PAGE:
Posted by James Lloyd | Oct 29, 2020 | 0 Comments

Setting money aside for your children's or grandchildren's education is a great way to provide for their future. However, it is possible that not all of the money you have set aside will be used for college expenses. For example, your child may receive a large scholarship and will not need to use all the money you have saved, or your grandchild may choose a trade school that is less costly than you expected. Alternatively, your child or grandchild may decide to join the workforce immediately upon graduation. When confronted with this scenario, you may wonder what you can do with the excess money. The answer depends on how the money is managed.

Trusts Created by You

Health education exclusion trust. The purpose of a health education exclusion trust is to provide for the education and medical needs of multiple beneficiaries over more than one generation (typically grandchildren and great-grandchildren), and if money is left over because one beneficiary did not need all of it, it will not affect the operation of the trust. For example, a different beneficiary may decide to go to medical school and thus utilize the perceived excess.

Irrevocable gifting trust. If you work with an experienced estate planning attorney when creating an irrevocable gifting trust, your attorney can help you include instructions for how the trustee should handle the remaining funds if the beneficiaries do not need them. You are free to include instructions in the trust document that allow the beneficiary to use the remaining funds to purchase a house, start a business, or save as a nest egg for retirement. Alternatively, you could name a different beneficiary (e.g., a family member, friend, or charity) to receive the remaining amount.

Revocable Living Trust. Like a revocable living trust, a revocable education trust can also be changed up until your death or incapacity. Because the funds held by the trust will likely be distributed during your lifetime, you can amend or revoke the trust if your or the beneficiary's life circumstances change. You can add or remove beneficiaries, transfer money to or withdraw money from the trust, or create a different set of criteria for making distributions to the beneficiaries.

Accounts Created by Statue

Accounts established pursuant to a state's Uniform Transfers to Minors Act or Uniform Gifts to Minors Act are set up to hold money and property on behalf of a minor. They impose no education-specific requirements for use of the money, and the only generally understood prohibition is that the money should not be used for expenses that are normally deemed to be parental obligations (e.g., food, clothing, shelter, etc.). Once the minor reaches the age of majority (eighteen or twenty-one depending on the state), the money is turned over to the owner to use freely. If the minor passes away with funds remaining in the account, it will be distributed according to the state's intestate statute.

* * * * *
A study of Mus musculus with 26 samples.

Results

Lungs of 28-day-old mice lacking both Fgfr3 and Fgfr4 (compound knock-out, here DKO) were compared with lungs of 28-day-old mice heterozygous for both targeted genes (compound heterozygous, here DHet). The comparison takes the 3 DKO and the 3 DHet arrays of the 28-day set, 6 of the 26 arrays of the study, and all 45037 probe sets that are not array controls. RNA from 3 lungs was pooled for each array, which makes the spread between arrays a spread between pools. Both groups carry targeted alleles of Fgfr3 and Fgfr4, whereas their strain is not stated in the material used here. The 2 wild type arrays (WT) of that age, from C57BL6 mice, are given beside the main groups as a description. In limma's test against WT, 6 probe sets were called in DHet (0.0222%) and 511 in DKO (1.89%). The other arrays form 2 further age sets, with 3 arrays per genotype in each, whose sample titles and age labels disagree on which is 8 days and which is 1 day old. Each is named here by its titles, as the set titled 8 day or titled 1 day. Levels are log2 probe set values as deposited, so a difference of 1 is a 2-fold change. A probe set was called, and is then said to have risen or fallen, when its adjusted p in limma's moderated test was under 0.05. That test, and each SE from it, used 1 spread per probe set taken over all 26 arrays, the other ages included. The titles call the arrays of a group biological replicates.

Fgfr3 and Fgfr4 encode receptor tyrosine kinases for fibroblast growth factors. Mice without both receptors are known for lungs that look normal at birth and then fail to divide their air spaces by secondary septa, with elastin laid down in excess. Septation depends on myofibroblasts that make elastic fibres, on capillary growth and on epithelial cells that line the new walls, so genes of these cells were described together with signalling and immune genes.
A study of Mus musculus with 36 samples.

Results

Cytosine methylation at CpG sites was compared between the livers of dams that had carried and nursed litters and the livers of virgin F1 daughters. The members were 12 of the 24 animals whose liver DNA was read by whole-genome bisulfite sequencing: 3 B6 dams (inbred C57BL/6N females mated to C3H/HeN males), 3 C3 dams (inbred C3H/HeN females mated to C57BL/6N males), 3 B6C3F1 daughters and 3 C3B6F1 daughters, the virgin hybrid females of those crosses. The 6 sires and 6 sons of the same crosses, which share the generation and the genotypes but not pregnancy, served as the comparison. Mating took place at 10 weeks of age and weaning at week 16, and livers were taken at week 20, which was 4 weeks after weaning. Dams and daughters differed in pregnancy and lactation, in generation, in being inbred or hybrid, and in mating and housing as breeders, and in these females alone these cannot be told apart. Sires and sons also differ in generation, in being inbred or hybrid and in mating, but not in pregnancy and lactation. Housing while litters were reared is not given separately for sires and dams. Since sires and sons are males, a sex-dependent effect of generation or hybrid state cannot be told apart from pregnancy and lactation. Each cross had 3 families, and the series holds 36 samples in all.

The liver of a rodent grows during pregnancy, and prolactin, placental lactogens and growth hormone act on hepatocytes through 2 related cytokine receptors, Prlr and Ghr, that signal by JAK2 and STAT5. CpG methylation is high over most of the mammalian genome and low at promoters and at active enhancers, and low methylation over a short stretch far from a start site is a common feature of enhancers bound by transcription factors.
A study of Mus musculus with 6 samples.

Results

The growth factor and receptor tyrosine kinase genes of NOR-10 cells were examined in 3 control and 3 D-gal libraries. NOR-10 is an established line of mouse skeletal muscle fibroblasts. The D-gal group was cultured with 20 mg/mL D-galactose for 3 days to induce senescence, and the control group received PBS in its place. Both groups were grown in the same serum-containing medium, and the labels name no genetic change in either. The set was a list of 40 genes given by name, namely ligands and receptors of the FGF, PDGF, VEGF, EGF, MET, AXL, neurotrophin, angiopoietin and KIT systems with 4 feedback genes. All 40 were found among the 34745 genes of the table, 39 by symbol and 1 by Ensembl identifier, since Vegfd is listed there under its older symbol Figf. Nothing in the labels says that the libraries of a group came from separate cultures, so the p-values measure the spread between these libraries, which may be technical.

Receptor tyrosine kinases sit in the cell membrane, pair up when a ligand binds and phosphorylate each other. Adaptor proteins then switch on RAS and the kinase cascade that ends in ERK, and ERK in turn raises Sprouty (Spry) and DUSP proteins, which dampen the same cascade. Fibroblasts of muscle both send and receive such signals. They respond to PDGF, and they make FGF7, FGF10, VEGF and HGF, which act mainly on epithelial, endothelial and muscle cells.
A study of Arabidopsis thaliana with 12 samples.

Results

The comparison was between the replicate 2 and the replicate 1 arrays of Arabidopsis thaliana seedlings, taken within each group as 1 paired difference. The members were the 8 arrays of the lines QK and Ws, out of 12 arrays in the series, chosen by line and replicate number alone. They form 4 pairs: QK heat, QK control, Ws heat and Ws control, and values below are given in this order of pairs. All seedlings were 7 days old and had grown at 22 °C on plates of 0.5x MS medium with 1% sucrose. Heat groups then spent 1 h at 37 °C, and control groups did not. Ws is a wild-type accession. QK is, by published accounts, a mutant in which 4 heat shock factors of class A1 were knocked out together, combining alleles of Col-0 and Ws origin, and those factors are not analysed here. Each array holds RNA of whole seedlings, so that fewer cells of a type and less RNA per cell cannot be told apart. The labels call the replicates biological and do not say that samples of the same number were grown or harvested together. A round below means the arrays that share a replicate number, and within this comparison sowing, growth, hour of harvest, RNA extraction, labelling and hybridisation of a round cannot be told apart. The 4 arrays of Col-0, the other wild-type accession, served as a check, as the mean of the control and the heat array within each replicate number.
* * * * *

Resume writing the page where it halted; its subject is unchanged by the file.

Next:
State or Federal Educational Plans
 
Internal Revenue Service Publication 970 sets forth similar regulations regarding 529 plans and Coverdell education savings accounts (ESAs). The money held in 529 plans and Coverdell ESAs can be rolled over from one account to another of the same type, and the designated beneficiary on the account can be changed to a member of the beneficiary's family. A rollover can be for the benefit of the same beneficiary or another member of the beneficiary's family (e.g., a spouse, child, stepchild, sibling, parent, etc.) who is under age thirty. However, the age limitation does not apply if the new beneficiary is a special-needs beneficiary. 
 
While there are no federal tax consequences for rolling over an account, it is important to check with your tax advisor regarding the state income tax consequences if you received state tax breaks for your prior contributions and are now rolling the account over to an account in a different state. If there is no one likely to use the funds for qualified education expenses, the funds can be withdrawn and used for nonqualified expenses; however, they will be subject to income tax on the investment earnings as well as a 10 percent penalty.
 
We Are Here to Help
 
There are many different options for funding your family's education future, and what happens to any unused funds largely depends on which option you choose. We are here to assist you and your financial team in choosing the best strategy for your unique situation to ensure that your wishes are carried out. Please call us today to schedule a virtual or in-person meeting.
 

About the Author

James Lloyd

Jim Lloyd is a husband, father and attorney. A graduate of Tulane University School of Law, Jim brings over 25 years of legal experience to help clients make strategic estate planning choices and to make buying or selling a house easier.